17 November 2009

Alina Troyano

One of the effects of the original macaronic verse was comic; writers used more than one language in a text to make their readers or audiences laugh. The comic impulse has not disappeared from multilingual literature. In the performing arts, for instance, there is Alina Troyano, described as "a Cuban lesbian performance artist whose work skewers racial, cultural, and sexual stereotypes." Here are typical verses from her:

"Hello people, you know me, I know you.
I am Carmelita Tropicana.

"I say Loisaida is the place to be. It is multicultural, multinational, multigenerational, mucho multi. And like myself , you've got to be multilingual.

"I am very good with the tongue."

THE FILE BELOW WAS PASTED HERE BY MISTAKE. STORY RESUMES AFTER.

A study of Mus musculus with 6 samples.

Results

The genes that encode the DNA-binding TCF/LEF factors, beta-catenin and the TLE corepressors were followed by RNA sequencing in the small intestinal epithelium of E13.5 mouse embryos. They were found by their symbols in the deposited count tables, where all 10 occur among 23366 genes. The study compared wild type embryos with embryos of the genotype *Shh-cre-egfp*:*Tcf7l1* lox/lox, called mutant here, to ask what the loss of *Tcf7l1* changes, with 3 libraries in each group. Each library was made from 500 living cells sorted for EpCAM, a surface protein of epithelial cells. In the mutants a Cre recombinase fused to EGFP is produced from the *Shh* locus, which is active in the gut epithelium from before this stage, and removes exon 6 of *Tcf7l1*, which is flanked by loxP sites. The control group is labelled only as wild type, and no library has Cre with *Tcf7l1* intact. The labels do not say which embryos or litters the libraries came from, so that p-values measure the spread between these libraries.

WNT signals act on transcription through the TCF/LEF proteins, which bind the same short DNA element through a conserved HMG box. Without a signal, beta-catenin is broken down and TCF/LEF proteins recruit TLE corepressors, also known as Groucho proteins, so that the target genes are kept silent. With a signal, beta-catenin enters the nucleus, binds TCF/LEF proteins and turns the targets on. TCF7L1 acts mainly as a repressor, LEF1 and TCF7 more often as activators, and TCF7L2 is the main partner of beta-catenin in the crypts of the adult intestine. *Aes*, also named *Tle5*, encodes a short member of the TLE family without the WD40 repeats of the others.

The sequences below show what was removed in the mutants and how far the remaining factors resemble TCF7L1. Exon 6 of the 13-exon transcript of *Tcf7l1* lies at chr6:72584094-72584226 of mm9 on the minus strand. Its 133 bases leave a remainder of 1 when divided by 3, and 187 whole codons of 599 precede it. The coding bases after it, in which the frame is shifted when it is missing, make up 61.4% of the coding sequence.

Modern multilingual writing, however, is much more complex than macaronic verse. With the more subtle and more sophisticated tools now available to writers, modern writing is deadly serious, though it draws laughs. Here is how Lisa Alvarado writes about Troyano: "In the preface [of the book I, Carmelita Tropicana: Performing Between Cultures (2000)], there is a reference to Troyano's use of 'innuendo, bilingual puns, double entendre, burlesque, parody, political farce, biographical revisionism, and an irreverent appropriation and collaging of popular culture.' She draws text from popular movies, past stereotypical icons, and popular music. While the style is irreverent, her themes are hardly light. In placing expropriated material in another context, it becomes reinvented, with layers of new meaning and ultimately a critique of the original manifestation itself."

As in most cases of comic writing (or performing), we have to go beyond the smiles to appreciate the frowns.